And bonds are not the place to be these days. Can you believe that the income recently available from a 10-year U.S. Treasury bond – the yield was 0.93% at yearend – had fallen 94% from the 15.8% yield available in September 1981? In certain large and important countries, such as Germany and Japan, investors earn a negative return on trillions of dollars of sovereign debt. Fixed-income investors worldwide – whether pension funds, insurance companies or retirees – face a bleak future.
― Warren Buffett from his 2021 Annual Shareholder Letter.
BONDHOLDERS ARE LOSING MONEY
The stock market started the day relatively flat, but investors’ mood turned sour around mid-day following comments from Federal Reserve Chairman Jerome Powell. Powell confirmed that the central bank’s quantitative easing (QE) policies will stay in place until the labor market improves, stating that the Fed will remain “patient” even if inflation rises. The 10-year Treasury soared on the news, which, in turn, rattled the markets. The S&P 500, Dow and NASDAQ slipped more than -1.3% lower, while the 10-year Treasury interest rate rallied back to about 1.6%.
While the Fed changed this policy a few months ago, it was a monumental change in what economists call the Fed’s “reaction function” which is the measures and thresholds that cause the Fed to change monetary policy or interest rates. For the past couple of decades, the Fed would raise interest rates if inflation went to 2%. Now, Chairman Powell says he will not put the brakes on monetary policy unless we recover full employment, regardless of inflation above 2% for a while.
The reality though is there is inflation now, and the Fed is no longer in sync with the market for the moment. The U.S. dollar is weak, and a weak dollar creates commodity inflation since commodities are priced in U.S. dollars. And given the massive deficit that the U.S. is running, which is expected to account for 10.6% of total GDP, it is unlikely the U.S. dollar will strengthen any time soon.
The irony here is that growth stocks, which were also hit hard today, and the last three weeks. But they are not interest-rate sensitive. Their long-term drivers are sales and earnings growth. Some are saying that the higher interest rates reduce today’s value of growth companies’ future earnings, and that is true. But the market is also ignoring the estimates of nominal economic of +10% for this year. That growth will surely expand this year’s and future years profits.
It is important to keep in mind that the fourth-quarter earnings season is almost over, so it is also time for the market to “burp” and digest its recent gains. Remember, just a few weeks ago, the S&P 500, Dow and NASDAQ were all sitting at new all-time highs.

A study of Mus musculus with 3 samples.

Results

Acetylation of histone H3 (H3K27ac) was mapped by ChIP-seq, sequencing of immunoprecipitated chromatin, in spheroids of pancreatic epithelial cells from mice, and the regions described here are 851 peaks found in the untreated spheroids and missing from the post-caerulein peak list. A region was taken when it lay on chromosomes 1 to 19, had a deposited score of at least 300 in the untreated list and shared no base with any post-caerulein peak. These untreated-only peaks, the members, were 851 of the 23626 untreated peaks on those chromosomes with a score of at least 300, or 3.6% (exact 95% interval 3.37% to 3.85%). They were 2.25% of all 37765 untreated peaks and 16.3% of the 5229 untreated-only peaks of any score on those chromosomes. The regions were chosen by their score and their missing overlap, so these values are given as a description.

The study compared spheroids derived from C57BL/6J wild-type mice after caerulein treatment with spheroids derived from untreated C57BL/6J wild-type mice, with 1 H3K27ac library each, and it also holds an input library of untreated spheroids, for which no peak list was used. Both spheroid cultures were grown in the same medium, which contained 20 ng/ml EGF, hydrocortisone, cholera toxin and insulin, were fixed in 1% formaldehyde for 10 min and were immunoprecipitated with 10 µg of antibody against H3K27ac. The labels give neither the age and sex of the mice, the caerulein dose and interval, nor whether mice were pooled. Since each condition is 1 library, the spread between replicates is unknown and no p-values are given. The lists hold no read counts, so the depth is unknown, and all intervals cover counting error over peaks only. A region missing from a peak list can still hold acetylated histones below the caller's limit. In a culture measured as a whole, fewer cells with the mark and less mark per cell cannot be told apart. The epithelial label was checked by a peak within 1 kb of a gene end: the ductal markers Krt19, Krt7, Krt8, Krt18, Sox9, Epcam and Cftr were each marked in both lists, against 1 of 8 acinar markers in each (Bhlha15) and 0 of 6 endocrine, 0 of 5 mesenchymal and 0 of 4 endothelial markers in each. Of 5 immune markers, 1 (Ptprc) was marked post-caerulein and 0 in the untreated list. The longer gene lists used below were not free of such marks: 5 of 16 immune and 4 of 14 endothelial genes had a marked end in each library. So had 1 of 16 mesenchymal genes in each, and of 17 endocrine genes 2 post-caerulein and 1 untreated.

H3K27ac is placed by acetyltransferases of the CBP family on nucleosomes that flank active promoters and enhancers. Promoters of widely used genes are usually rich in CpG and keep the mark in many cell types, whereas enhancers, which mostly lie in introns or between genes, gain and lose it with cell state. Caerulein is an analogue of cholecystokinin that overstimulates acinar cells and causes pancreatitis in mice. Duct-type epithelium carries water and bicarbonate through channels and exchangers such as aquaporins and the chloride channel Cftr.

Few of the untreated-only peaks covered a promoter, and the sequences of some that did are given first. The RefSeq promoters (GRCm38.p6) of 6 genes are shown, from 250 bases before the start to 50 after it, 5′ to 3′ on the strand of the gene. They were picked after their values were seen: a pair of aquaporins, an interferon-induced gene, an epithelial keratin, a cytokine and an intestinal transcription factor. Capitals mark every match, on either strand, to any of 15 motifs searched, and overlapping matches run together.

I expect the stock market to trade relatively sideways in the first half of March, as the stock market consolidates its earnings season gains. But after that, quarter-end window dressing will begin, as professional money managers shore up their portfolios by scooping up shares of fundamentally superior stocks like the ones we own.
In addition, our stocks should also benefit from positive analyst revisions in late March and early April ahead of the first-quarter earnings announcement season. Analysts have already aggressively increased estimates over the past two months, so the first-quarter earnings season should be stunning and possibly even more spectacular than the fourth quarter.
Many eulogies have been written for the “bond vigilantes” that were once said to prowl global markets for spendthrift countries to bully into fiscal rectitude. But the vigilantes seem to have saddled up again. The term was originally coined by former EF Hutton economist Edward Yardeni in the early 1980s to describe how bond selloffs could force the hand of central banks or governments.
BONDHOLDERS HAVE A BLEAK FUTURE
Including today’s rise in interest rates, the iShares 20 Plus Year Treasury Bond Exchange Traded Fund (TLT) is down -12.4% over the last 50-day trading period. That ranks as one of the sharpest declines over a 50-trading day period since the bond fund’s introduction in 2003.
Before last week, the last time the ETF was down by as much over a 50-trading day period was in December 2016 just after the election. The recent sharp downside move in long-term US treasuries has been a big wake-up call for investors, but at the same time, it has hardly been unprecedented.
First, the bond market has seen these big moves recently. This is now the third-worst YTD drawdown in the last thirty years on the Merrill Lynch 10+ bond index. And outside of professionals, it’s not much of an event. It is however because the risk of higher rates persists, and this could end up being the worst year ever in the bond market. It matters because the sheer size of the treasury and all credit markets in the US have exponentially grown over the last ten years. This is the biggest risk right now.
The markets have been in one of the most speculative periods in recent memory. Stocks globally have gone up with many indexes hitting all-time highs. Participation is very high with the average person now talking stocks or cryptocurrencies not as investments but as vehicles to get rich fast. Charlie Munger, Warren Buffett’s right-hand man, was interviewed this week by Julia Laroche and his comments were sharp at 97 years old.
This breather at the end of a spectacular earnings season is healthy. Some of the excess speculation needed to be released.
It is a great time for stocks, and a dangerous time for bonds and “income plays”. Bonds are the most dangerous investment right now.